The 5-Step Disability Test

When deciding if a person is disabled, the Social Security Administration employs a five step test to evaluate an individual. Each step is very strict and it is always done in this order.

The first step is to determine if a person is working. If that person is working and his or her earnings average more than $980 a month, a person cannot be considered disabled. If the person isn’t working, the SSA moves on to step two.

The next thing to determine is whether the condition is severe. The condition must interfere with very basic work and life-related activities for any claim to be considered. If the condition does not interfere with work-related activities, then the person is not considered disabled. If it does interfere, step three is next.

The SSA keeps a list of medical conditions that are so serious or severe that they automatically make a person disabled. This list is broken down by body system. If the condition a person has is on the list, then the person is disabled. If it is not on the list, the SSA must decide if the condition is of equal severity to any medical condition on the list. This requires step four.

Step four asks whether a person can do the work he or she did previously. If the condition diagnosed is severe but not on the same level as a listed medical condition, the SSA needs to determine if the condition interferes with an individual’s ability to perform the job he or she held previously. If not, the claim will be denied. If it does, step five.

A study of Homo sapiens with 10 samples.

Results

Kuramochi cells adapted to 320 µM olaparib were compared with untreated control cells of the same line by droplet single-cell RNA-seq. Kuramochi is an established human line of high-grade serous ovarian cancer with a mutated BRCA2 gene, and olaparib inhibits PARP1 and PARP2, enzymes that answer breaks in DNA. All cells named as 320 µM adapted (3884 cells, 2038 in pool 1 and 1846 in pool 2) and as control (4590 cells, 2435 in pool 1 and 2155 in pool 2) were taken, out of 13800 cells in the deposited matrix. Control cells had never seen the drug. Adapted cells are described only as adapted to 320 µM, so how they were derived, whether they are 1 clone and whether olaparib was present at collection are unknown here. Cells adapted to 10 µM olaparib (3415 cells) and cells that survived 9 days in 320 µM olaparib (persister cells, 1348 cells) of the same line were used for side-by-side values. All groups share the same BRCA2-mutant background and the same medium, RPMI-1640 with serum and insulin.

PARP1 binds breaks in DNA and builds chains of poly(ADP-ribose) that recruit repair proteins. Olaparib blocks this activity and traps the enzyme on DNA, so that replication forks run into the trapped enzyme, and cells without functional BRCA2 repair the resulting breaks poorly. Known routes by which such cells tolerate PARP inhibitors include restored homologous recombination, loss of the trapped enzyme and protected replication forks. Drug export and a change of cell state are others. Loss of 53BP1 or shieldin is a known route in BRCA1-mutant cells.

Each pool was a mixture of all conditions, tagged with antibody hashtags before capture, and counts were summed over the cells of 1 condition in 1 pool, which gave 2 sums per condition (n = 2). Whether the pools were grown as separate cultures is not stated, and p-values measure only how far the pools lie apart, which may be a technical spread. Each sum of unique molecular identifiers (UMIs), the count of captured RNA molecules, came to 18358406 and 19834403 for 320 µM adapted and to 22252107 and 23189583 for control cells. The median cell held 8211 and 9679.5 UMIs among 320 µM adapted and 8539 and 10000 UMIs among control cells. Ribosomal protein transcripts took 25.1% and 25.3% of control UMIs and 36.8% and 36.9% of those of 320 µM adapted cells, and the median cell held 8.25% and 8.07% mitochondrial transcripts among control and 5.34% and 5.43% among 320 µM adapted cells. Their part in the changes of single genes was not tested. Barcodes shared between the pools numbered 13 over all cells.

Step five asks whether a person can do any other type of work. This does not have to be in the same field as a previous position but just some work that requires a bit of adjustment. To determine this, a person’s age, medical conditions, past work experience, education, and transferable skills. If a person cannot adjust to some other type of work based on the factors, the claim will be approved and the person will be classified as disabled. If it is possible to adjust to a different type of work, the claim will be denied.

Contact an Indianapolis Social Security Lawyer

If you are unable to do your old job due to a new disability, contact the Indianapolis social security lawyers of the Hankey Law Office at 317-634-8565 for assistance in determining if you are disabled.